We might be done decking the hall, but it’s rarely a bad time to deck the wall — especially when it’s for a good cause. ArtLifting, the brain child of Harvard Business School graduate Liz Powers and her brother Spencer, works with art therapy programs at shelters to develop and curate works by homeless and disabled artists — including about 20 in the Boston area. Their team works out of Harvard’s Launch Lab and MassChallenge, where director of business development Kelly McKenna keeps their presence alive on social media, including a colorful, inspiring account on Instagram (@artlifting).
Q. How did the program begin?
A. Liz hosted an art show in Boston that grew every year, but she and Spencer decided to try to make it more sustainable long term. At first, they funded everything on their savings and then they did a Kickstarter at the end of the summer, meant to help with expansion to other cities. They officially launched 12 months ago in December 2013, and have already expanded to six other cities.
Q. Where did the idea come from?
A. Liz studied sociology at Harvard and wrote her thesis on benefits of art therapy. She worked with programs at local shelters in Boston and developed relationships with the program directors and artists. We’ve sourced directly from the contacts to draw from a pool of people who are working toward a better life. Then it’s mostly been word of mouth, and other art therapy programs who have reached out to us.
"It is very VERY difficult to get any kind of break struggling with homelessness or disability. It's hard to carry on as an artist when the difficulties of life are constantly poised to interfere. I feel a great deal better about myself and my ability to express myself now than I have in a very long time. I have you and so many others to thank and be thankful for because of it." -Kitty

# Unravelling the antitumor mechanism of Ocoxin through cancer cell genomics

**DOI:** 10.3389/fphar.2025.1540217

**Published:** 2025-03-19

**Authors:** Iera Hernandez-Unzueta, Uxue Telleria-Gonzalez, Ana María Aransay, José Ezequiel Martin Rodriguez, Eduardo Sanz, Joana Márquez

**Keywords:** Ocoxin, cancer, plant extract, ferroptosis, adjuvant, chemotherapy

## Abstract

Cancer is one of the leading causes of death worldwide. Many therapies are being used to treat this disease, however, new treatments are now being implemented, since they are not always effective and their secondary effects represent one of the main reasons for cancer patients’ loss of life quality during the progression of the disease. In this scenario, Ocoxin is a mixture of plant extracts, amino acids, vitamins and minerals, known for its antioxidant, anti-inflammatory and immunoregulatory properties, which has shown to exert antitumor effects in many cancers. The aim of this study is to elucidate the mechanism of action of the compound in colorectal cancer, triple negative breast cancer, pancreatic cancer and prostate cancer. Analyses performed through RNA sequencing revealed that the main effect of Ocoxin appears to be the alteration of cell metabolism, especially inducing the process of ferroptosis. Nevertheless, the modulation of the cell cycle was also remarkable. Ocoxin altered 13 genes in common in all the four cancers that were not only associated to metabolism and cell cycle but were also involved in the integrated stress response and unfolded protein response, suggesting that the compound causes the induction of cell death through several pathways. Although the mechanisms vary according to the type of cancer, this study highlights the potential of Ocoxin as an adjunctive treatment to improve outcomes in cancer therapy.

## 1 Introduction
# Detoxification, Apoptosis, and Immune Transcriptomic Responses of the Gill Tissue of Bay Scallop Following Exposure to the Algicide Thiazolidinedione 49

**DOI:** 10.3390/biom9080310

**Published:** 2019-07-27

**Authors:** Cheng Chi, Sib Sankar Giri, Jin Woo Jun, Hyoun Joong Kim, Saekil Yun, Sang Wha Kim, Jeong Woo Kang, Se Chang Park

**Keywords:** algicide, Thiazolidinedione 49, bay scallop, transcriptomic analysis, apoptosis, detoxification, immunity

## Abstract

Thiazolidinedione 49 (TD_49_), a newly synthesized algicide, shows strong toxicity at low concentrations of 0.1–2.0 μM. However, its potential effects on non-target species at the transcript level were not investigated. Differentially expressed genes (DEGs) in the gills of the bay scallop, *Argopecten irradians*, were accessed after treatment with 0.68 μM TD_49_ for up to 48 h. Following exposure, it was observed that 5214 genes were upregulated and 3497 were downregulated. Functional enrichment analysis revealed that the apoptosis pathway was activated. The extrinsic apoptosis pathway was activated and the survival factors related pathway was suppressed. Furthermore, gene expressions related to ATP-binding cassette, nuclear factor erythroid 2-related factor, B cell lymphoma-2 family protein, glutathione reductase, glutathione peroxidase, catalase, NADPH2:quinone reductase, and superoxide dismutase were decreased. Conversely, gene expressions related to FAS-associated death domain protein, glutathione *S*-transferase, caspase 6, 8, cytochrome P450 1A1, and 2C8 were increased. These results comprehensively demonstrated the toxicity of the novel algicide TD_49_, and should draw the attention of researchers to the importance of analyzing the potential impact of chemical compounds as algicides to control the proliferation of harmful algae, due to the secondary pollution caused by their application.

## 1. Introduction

Q. What are some of the back stories for the artists?
A. One artist named Scott [pictured, of Father Bill’s in Quincy] used to be an equipment operator but when the recession hit, his company went out of business in 2009. He was then diagnosed with a condition that gives him headaches, exhaustion, and problems with balance and focus. He used to be a crane operator. He lived on the streets in the summer and in the shelters in the winters and secured housing last month. He said he makes art because it’s something he has complete control over. He makes intricate ink drawings and some of them take him hundreds of hours to produce but they’re really beautiful. MakerBot 3D printing did an open gallery of his work in September and they made 3-D printed phone cases made with the patterns of some of his art. He’s just a jolly, positive person. He always has a big smile on his face.
Q. What role has Instagram played?
A. I didn’t even know how to use it before ArtLifting, but they asked me to figure it out and grow our base on there because it’s so visual. It led to our expansion to Miami, New Jersey, and Kenya and some artists have found us through there that we’ve signed on. And it’s definitely been a good sales outlet. On opening day of Red Sox season, we posted [a] Fenway painting and it sold within an hour. Our followers are really engaged. I try to present an artist’s story every time I post and show our followers a window to a different walk of life.